From the first frame, the documentary film, “After Parkland,” grabs the viewer with the visceral pain of a father who lost his daughter.
“My daughter was Meadow Pollack, she meant the world to me, and she’s not here anymore, she was murdered on Valentine’s Day over at the school, Stoneman Douglas,” says Andrew Pollack, with agony written all over his face.
The film has a sense of mission. Another grieving father, Manuel Oliver, is also featured. He lost his son, Joaquin, in the massacre.
“You don’t have to pay the price we paid to understand what’s going on,” Oliver says at one point in the film.
“Certainly with the fathers, with Manuel Oliver and Andrew Pollack, two fathers with very different points of view who will continue fighting for the rest of their lives every day,” said the film’s co-producer, Emily Taguchi, about the missions to which those dads have dedicated their lives.
“Our hope is this film sparks a conversation, sparks a dialogue, it’s an issue that gets politicized and it’s difficult to talk about,” added Jake Lefferman, co-producer of “After Parkland.”
The film takes the viewer into the lives of many of those most dramatically impacted by the tragedy. Parents and loved ones of those who died, and students who survived, are profiled in the months after the shooting.
“I was in the first classroom that got shot up by the shooter, and all around me there were people that were either shot or dead,” said Brooke Harrison, a junior at Marjory Stoneman Douglas High School who is featured in the film.
Brooke told us the images of carnage, of abject horror, are always in her mind.
“That and the screams, people praying and shouting and hoping they’re not next,” Brooke said.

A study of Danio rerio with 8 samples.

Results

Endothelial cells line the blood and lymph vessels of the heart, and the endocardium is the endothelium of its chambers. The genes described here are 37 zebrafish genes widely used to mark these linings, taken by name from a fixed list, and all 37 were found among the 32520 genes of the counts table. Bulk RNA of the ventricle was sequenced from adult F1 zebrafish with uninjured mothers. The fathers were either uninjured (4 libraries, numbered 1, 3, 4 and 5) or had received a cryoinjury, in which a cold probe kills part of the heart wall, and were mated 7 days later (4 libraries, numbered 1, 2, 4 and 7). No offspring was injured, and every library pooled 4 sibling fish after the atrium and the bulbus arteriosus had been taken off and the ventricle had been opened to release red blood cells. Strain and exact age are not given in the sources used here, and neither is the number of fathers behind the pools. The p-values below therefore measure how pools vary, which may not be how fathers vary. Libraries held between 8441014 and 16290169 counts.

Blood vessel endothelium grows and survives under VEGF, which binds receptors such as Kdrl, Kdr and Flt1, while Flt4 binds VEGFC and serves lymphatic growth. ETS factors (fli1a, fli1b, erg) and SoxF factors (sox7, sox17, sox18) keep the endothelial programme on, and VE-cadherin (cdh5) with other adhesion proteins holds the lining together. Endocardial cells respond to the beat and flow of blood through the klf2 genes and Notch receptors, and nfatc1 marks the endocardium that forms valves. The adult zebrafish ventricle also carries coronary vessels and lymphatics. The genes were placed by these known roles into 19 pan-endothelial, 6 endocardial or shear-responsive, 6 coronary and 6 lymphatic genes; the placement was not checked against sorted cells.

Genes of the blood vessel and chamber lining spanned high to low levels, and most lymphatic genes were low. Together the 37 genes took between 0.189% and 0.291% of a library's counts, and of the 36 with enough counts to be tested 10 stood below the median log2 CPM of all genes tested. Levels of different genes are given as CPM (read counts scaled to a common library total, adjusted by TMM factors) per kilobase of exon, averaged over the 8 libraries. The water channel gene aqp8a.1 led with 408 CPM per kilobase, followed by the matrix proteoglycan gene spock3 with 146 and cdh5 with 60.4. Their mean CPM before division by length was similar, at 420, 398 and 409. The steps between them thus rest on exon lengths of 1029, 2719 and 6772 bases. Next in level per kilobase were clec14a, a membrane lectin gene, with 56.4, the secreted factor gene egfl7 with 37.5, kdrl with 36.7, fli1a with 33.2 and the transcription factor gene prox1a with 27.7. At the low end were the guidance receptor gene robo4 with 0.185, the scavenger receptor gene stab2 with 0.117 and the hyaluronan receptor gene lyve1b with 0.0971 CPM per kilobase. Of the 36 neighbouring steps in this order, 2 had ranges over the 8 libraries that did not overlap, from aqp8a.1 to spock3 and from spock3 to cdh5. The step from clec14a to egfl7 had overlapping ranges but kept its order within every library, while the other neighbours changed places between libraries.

When you watch “After Parkland,” you will be hit with waves of emotion which perhaps you thought, after two years, had passed; but the stories have a power that still resonates.
“Pittsburgh, El Paso, there’s been many many shootings, there are families, communities, going through the same the same thing, is this the reality we want to accept, or there has to be something different,” Taguchi said.
“The fact that nothing happened to me is a miracle,” Brooke said. “I think about how lucky I am every single day.”
The film is not political. While it shows the formation of the March for Our Lives movement, it does not take sides. The producers see value in all approaches taken by the Parkland families, from emphasizing school safety and hardening to gun control.
“You now something I think we learned is the deep ripple effects caused by an act of violence like this,” Lefferman said. “This kind of grief doesn’t go away, it will stay with this community forever.”
The film makes its South Florida debut Wednesday night at Savor Cinema in Fort Lauderdale. It will be followed by a panel discussion attended by some of the families featured in the film and tickets are still available.